Q: “I bought a house two years ago that is now worth $340,000, with a mortgage of $240,000. I am being told that my $100,000 of equity is “dead,” just sitting there doing nothing for me. How can I make my equity work for me? I don’t want to do anything stupid.”
A: “Dead home equity,” with its implication of opportunity foregone, is a meaningless concept. Home equity is equal to property value less all liens on the house, which in your case comes to $100,000. Calling equity “dead” is a distortion of the English language. The fact is that the more equity you have, the better off you are. If you have a car with no car loan, you have dead equity in your car, but no car owner should feel guilty about that. Owning an asset free and clear is an objective to be sought, whether it is a car or a house.
Proponents of the dead-equity idea want to sell you the loans that would deplete your equity, and the investments they claim would more than recover it. There are circumstances where this might make sense. For example, if an investment opportunity comes along in which you have great confidence because it is a project you will be personally involved in, and it requires money you don’t have, consider borrowing against your home equity. It is a calculated risk that may be worth taking, especially by a younger person who will have an opportunity to recover if the project doesn’t pan out. I recommend it less often for seniors.
If you anticipate financial problems in the future that will cut your income and with it your ability to make mortgage and other payments, you want to keep your home equity readily available. Think of it as a reserve account you can tap if you need to. It doesn’t take long to open a home equity line of credit (HELOC) that you can use to keep current on your obligations.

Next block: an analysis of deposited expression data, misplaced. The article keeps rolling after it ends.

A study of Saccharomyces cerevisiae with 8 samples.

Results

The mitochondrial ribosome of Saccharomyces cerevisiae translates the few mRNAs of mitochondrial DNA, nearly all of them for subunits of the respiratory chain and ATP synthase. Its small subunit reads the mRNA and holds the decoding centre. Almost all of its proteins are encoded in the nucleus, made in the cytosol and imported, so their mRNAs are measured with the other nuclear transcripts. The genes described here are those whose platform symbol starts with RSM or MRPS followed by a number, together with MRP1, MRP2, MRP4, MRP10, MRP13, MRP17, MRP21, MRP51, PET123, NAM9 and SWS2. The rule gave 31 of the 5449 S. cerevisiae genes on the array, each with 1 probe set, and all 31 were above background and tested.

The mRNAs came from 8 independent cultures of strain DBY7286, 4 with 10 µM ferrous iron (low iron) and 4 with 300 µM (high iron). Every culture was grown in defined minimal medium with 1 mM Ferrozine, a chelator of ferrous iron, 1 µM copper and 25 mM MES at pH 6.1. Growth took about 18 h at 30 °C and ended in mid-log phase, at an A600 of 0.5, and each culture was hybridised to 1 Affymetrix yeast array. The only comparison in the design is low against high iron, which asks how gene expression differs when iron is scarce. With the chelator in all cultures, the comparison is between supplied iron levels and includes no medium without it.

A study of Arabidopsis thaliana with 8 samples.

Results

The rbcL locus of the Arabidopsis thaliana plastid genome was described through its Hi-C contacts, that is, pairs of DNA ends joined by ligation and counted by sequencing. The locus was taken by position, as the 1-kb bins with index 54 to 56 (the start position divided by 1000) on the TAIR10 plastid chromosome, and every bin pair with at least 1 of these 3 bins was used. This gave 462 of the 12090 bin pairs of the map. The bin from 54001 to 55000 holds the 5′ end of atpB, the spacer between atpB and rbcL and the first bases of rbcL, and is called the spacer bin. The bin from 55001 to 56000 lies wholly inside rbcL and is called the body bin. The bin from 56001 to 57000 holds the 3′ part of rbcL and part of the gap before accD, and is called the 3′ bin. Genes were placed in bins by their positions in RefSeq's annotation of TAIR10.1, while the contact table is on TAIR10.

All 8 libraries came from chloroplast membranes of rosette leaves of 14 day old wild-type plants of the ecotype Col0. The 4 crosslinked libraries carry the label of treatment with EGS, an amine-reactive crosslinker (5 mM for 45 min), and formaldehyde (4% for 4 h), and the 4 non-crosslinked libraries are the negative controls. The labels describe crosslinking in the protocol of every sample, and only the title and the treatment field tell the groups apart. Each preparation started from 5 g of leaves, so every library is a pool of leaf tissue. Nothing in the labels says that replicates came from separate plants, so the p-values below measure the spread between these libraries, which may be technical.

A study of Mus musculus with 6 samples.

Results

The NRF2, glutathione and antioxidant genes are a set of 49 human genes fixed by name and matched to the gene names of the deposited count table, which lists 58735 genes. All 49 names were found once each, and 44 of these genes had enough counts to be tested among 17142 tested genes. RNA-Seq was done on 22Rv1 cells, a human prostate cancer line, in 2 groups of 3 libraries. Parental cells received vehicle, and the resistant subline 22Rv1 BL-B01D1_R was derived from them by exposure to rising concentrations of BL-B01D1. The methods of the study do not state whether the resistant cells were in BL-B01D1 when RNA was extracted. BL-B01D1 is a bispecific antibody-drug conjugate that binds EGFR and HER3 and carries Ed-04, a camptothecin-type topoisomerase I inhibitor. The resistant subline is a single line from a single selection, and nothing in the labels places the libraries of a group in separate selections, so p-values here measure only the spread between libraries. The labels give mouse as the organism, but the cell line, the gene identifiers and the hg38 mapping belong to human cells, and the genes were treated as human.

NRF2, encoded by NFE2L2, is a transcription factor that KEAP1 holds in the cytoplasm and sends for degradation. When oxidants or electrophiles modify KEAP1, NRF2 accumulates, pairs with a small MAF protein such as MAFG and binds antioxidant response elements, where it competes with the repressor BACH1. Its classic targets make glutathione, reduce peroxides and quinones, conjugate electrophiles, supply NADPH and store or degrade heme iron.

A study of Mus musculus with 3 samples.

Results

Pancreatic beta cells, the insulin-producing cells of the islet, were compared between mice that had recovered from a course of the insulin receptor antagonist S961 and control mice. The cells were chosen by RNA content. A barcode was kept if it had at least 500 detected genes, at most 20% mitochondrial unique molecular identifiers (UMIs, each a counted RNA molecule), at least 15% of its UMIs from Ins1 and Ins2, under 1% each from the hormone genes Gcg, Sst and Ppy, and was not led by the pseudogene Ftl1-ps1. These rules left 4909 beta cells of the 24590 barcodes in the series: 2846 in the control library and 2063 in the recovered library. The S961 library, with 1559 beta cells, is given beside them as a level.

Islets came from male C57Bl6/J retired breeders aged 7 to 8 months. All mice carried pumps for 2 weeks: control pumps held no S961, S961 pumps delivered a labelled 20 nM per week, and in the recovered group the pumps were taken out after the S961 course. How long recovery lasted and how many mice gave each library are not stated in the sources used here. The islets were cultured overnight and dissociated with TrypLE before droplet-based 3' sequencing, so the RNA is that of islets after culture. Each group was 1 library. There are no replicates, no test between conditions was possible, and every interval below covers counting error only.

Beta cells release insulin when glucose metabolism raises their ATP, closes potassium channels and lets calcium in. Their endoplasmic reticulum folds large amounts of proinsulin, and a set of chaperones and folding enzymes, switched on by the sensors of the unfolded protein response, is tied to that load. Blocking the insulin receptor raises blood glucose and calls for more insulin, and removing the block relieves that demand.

WARNING: Don’t try to do this after you become delinquent, then it will be too late.
What I recommend against is allowing yourself to be persuaded by a third party who wants to sell you both the loan that will deplete your equity, and the investments that will make your fortune. The people who sell these deals make most of their commissions on the transactions, while you take the risks down the road.
I might reconsider if I could find one who would align his/her financial interest completely with mine. This would require a) that he/she provide the mortgage loan at the wholesale price (no broker markup), and remit the full sale commission on the investment to me, and b) He/she would make his/her money as I do, sharing the difference between the income earned on the investment and the interest payment on my mortgage, including a loss if the spread became negative.
Why Do Employers Check Credit?
Q: “Why do employers do a credit check when hiring employees? I don’t think it’s fair because I can’t repair my credit until I get a better-paying job, and I can’t get a better-paying job because of my bad credit.”
A: Employers who check the credit of job applicants believe that applicants who meet their credit obligations are most likely to be conscientious employees who meet their obligations to their employers. In this view, most people are consistent in their behavior across the different aspects of their lives. They are dependable or not dependable, seldom are they dependable about one thing and undependable about another.
Of course, this is unfair because some people have credit problems as a result of circumstances completely beyond their control. But who ever said that life was fair? It is not so unfair, however, as to brand a person forever. You can rebuild your credit, and there are employers who will listen to an explanation of why the low credit score in their case is not indicative of poor character. To make your explanation convincing, however, avoid creating an impression that you feel the system is persecuting you.
Dumb-Question-of-the-Year Award for 2005
Q: “I purchased my home for $480,000 and it is now worth $600,000. Is there any way of cashing out this additional $120,000 of equity and applying it to the loan balance?”
A: You can borrow the $120,000, which will increase your loan balance by that amount, and then use it to pay down the balance by the same amount. Of course, that will leave the balance right where it was, and you will be poorer by the amount of the closing costs on your new loan.
The writer is Professor of Finance Emeritus at the Wharton School of the University of Pennsylvania. Comments and questions can be left at http://www.mtgprofessor.com.